2021, July 25: Evening Sky, Mars on Final Approach

July 25, 2021:  Four evenings before its conjunction with Regulus, find Mars in the western sky to the lower right of Venus.  As the calendar day ends, look for the moon below bright Jupiter.

2021, July 25: About 45 minutes after sunset, Venus, Mars, and Regulus are in the western sky. Use a binocular to see the Red Planet and the star.
Chart Caption – 2021, July 25: About 45 minutes after sunset, Venus, Mars, and Regulus are in the western sky. Use a binocular to see the Red Planet and the star.

by Jeffrey L. Hunt

Chicago, Illinois:  Sunrise, 5:38 a.m. CDT; Sunset, 8:16 p.m. CDT.  Check local sources for sunrise and sunset times for your location.

Just four evenings before its conjunction with Regulus, Mars is 2.5° to the lower right of the star.  Both are challenging to see during evening twilight.  A binocular is needed to locate them.

Step outside about 45 minutes after sunset, brilliant Venus is low in the western sky.  Find an elevated structure or a hilltop to get a better view over terrestrial obstructions.

The planet shines through the beautiful palette of evening twilight.

Mars and Regulus are to the lower right of Venus.  Unless you have a binocular with a very wide field, the trio, likely, does not fit into the same field of view.  Place Venus to the upper left portion of the view.  Regulus is visible to the lower right.  Move the binocular slightly to the lower right so that Venus leaves the field.  Then, Mars appears in the field of view with Regulus.

Saturn and Jupiter are entering the evening sky.  Saturn rises about 20 minutes after sunset.  Forty minutes later, Venus is low in the west, while Saturn is low in the southeastern sky. Mars is still in the sky, but only 2° up in the west-northwest.  Jupiter rises about 75 minutes after sundown.  The bright moon follows about 25 minutes later.

2021, July 25: As midnight approaches, Jupiter is above the bright moon in the southeastern sky. Saturn is to Jupiter’s upper right.
Chart Caption – 2021, July 25: As midnight approaches, Jupiter is above the bright moon in the southeastern sky. Saturn is to Jupiter’s upper right.

As the calendar day ends, the moon is about 20° up in the southeast.  Jupiter is nearly 5° above the lunar orb.  Saturn is about 20° to the upper right of Jupiter.

During the next few mornings, watch the moon pass the planet duo in the morning sky before sunrise.

Saturn is nearing its opposition on August 2.  Jupiter follows 17 days later.  At opposition time, the outer planet is nearest to Earth and at its brightest in our sky.  It rises in the eastern sky at sunset and sets in the western sky at sunrise.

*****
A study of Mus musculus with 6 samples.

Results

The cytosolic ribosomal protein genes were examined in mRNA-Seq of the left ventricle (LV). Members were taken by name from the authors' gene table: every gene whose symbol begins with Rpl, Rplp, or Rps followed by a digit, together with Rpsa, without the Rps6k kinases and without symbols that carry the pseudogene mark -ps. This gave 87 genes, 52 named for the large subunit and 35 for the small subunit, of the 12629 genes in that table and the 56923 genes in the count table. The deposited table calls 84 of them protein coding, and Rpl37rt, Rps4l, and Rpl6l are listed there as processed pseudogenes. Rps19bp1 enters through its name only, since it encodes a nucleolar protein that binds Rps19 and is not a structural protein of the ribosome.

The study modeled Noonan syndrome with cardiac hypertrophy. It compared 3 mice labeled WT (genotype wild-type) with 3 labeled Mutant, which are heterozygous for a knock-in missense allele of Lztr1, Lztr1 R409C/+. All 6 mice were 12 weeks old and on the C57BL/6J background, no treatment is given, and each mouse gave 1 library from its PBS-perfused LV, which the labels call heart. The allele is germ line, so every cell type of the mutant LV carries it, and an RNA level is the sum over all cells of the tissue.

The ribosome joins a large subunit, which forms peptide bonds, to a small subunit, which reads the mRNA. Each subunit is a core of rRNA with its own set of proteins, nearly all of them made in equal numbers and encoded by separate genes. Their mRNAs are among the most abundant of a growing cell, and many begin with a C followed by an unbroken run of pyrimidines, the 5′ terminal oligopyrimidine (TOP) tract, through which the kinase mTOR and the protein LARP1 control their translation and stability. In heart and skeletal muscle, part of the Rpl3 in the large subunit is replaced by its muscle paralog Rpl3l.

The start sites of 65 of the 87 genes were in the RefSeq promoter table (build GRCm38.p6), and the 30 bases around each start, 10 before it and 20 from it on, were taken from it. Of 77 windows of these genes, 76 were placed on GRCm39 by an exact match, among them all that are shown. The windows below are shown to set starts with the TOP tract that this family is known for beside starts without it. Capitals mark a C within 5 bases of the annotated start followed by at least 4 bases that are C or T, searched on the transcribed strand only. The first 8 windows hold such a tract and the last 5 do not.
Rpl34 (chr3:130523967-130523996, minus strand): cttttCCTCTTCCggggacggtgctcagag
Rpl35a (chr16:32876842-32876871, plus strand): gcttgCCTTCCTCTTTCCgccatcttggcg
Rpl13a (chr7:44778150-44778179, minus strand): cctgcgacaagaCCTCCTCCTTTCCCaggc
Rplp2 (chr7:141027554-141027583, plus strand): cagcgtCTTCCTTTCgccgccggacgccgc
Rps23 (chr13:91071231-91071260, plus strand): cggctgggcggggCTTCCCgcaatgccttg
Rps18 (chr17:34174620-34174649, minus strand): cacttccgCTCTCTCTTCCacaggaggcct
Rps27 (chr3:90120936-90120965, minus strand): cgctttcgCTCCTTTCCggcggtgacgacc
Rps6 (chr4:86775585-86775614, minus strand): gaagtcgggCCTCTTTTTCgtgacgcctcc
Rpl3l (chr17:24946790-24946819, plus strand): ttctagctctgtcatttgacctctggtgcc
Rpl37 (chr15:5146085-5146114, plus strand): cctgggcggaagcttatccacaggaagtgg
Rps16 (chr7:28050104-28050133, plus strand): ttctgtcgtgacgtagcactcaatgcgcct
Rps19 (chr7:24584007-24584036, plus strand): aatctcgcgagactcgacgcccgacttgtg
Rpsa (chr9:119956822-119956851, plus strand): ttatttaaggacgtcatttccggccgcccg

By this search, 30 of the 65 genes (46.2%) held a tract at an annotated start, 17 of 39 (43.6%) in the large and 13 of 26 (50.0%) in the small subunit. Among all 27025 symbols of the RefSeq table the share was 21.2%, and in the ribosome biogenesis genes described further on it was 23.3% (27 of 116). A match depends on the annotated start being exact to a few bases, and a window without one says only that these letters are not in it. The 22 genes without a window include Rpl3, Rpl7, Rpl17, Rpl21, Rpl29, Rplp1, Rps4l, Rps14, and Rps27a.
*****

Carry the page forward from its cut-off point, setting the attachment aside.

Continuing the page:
Mars passes Regulus again on July 10, 2023.  Coincidentally, Venus is nearby, 4.8° to the lower right of Mars.  During this appearance of Venus, it does not pass Mars.  Earth’s Twin moves to 3.5° of Mars on June 30 and then moves away.  Low in the western sky on July 16, 2023, Venus moves to within 3.5° of Regulus, but the planet does not pass the star.  A very close conjunction of Mercury and Regulus occurs on July 28, 2023.

Detailed Daily Note: One hour before sunrise, the moon (15.4d, 98%) is nearly 20° up in the southwest, 9.5° to the upper left of Saturn.  Retrograding in Capricornus, Saturn is 3.3° to the lower right of θ Cap.  Use a binocular to see the stars with the bright moonlight. Jupiter is 12.0° to the upper left of the lunar orb and 19.6° of ecliptic longitude east (to the upper left) of Saturn.  The Jovian Giant is retrograding in Aquarius, 1.6° above ι Aqr and 5.0° below θ Aqr. Begin looking for Pollux (β Gem, m = 1.2) for its first morning appearance about 45 minutes before sunrise. Forty-five minutes after sunset, Venus is over 8° up in the west, 4.8° to the upper left of Regulus and 7.2° to the upper left of Mars.  The trio may not fit into the same binocular field, but try to see whether all three fit.  Through a telescope, Venus is an evening gibbous (84% illuminated) and 12.3” across. Mars is 2.5° to the lower right of Regulus.  Fifteen minutes later, Saturn is over 6° up in the east-southeast; Venus is over 5° above the western horizon; and Mars is about 2° up in the west-northwest, if you can locate it with a clear natural horizon and an assist from a binocular.  Three planets are visible at the same time.  The planet parade is beginning to reorganize for a challenging view of five planets simultaneously on August 18.  Jupiter rises 15 minutes before Venus sets.  Their opposition occurs in two evenings. As midnight approaches, the bright moon (16.1d, 94%) is nearly 17° above the southeastern horizon. Jupiter is 4.6° above the moon, while Saturn is over 25° up in the south-southeast.